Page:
Featured image credit: Live at the Bike
One thing can instantly transform a world-class poker pro into a mega-whale: Tilt.
No amount of poker prowess can compensate for losing it emotionally while playing, which is why focusing on the mental side of things is so important to be a winning player. In a game of small edges, just a single self-destructive, tilt-filled session can undo the work of ten great ones.
So, how can you stop tilt from ruining your hard work?
I think there is one, simple answer: take time off. Any time I was on a downswing and feeling increasingly more tilted each day I would step away from poker to reset mentally. Usually, no longer than a month away from poker was enough to end the emotional turmoil.
Brief hiatuses are effective because they remove you from the cause of negative emotions. Distancing yourself from poker entirely allows you to de-stress, relax and spend time enjoying other activities in your life.
Another benefit of a taking a break is that you’ll gain perspective on your situation. When your day-to-day life centers on poker, it makes sense that a downswing would be emotionally taxing—despite knowing that downswings are a fact of life for poker players. Taking time off will remind you that there is more to life than poker, and that your happiness does not ultimately depend on how good your EV graph looks.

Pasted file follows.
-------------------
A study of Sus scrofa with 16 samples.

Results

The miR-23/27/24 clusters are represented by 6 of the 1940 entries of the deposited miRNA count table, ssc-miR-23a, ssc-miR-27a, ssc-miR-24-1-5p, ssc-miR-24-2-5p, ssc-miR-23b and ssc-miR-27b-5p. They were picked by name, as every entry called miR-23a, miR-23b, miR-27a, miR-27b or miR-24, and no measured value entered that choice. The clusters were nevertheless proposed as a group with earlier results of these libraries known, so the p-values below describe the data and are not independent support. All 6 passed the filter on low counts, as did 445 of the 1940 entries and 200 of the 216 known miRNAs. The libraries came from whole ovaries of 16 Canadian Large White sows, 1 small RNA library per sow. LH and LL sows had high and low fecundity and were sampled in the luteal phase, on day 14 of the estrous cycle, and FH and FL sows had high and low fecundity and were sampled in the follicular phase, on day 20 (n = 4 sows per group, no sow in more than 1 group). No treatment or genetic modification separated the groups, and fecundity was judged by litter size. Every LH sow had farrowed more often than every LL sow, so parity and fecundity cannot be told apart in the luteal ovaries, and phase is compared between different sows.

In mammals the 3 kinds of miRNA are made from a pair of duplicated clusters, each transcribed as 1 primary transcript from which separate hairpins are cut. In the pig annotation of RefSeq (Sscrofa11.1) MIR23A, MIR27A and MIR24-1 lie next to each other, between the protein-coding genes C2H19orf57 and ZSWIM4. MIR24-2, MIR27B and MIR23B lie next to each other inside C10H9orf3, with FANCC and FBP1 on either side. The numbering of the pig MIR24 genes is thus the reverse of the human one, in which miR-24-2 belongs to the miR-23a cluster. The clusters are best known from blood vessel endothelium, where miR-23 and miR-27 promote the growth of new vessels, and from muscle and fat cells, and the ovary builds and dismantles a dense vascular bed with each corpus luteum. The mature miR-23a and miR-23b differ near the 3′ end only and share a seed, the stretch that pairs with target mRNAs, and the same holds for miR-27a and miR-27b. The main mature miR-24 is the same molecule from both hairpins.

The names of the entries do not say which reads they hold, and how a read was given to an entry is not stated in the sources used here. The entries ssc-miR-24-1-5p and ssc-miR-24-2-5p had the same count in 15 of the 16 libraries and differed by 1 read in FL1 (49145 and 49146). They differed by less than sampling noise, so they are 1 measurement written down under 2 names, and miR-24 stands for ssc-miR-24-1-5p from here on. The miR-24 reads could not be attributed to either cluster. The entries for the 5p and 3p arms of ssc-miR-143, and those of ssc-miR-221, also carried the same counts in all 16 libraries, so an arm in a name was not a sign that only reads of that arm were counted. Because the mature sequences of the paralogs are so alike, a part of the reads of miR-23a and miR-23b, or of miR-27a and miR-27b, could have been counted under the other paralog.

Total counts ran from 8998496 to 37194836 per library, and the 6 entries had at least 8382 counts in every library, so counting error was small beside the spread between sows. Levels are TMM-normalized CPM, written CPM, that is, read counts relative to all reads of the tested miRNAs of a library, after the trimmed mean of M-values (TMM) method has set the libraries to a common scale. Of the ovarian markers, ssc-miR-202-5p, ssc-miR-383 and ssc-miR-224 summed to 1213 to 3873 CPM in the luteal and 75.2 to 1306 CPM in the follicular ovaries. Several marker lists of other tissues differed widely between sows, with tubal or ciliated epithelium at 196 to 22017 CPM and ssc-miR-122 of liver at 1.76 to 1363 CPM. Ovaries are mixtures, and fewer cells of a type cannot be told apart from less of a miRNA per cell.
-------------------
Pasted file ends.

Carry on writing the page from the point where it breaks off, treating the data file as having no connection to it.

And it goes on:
For time off to be as effective as possible, you need to act the moment you feel your emotions are getting the best of you. Taking a break right when you feel tilt coming on will keep it from wrecking your bankroll.
To the extent that you can stop tilt from happening in the first place, you need to first identify what sets you on an emotional downturn (more on that here).
How long should a break be?
Classic poker answer: it depends. Ultimately, you should take as much time off as you need, i.e., until you feel capable of playing your A-game and have a positive outlook again.
For example, if just a single session has taken a bad turn, you might only need an hour or so to step away, get some fresh air and take in a change of scenery. If you’re experiencing a prolonged downswing, and feel apt to tilt at any time during a session, then you might need a week- or month-long break from the game.
For those of you who play regularly for a living, taking extended breaks might seem crazy. It certainly did to me when I stepped away from the game. After spending the majority of my waking hours playing poker for over two years, the idea of not playing at all seemed much too drastic.
But, looking back now, the time I took off marks a turning point in my career. It put an end to the downward spiral I was on, and I came back motivated to get my game in better shape than it had even been before.
So, the next time you feel tilted consider that the solution might simply be to walk away, for a few minutes, a week, a month—whatever it takes to diminish the feeling that nothing can go right.
Remember: poker will be there tomorrow. Come back when you’re feeling positive and excited to play, because that’s when you play your best.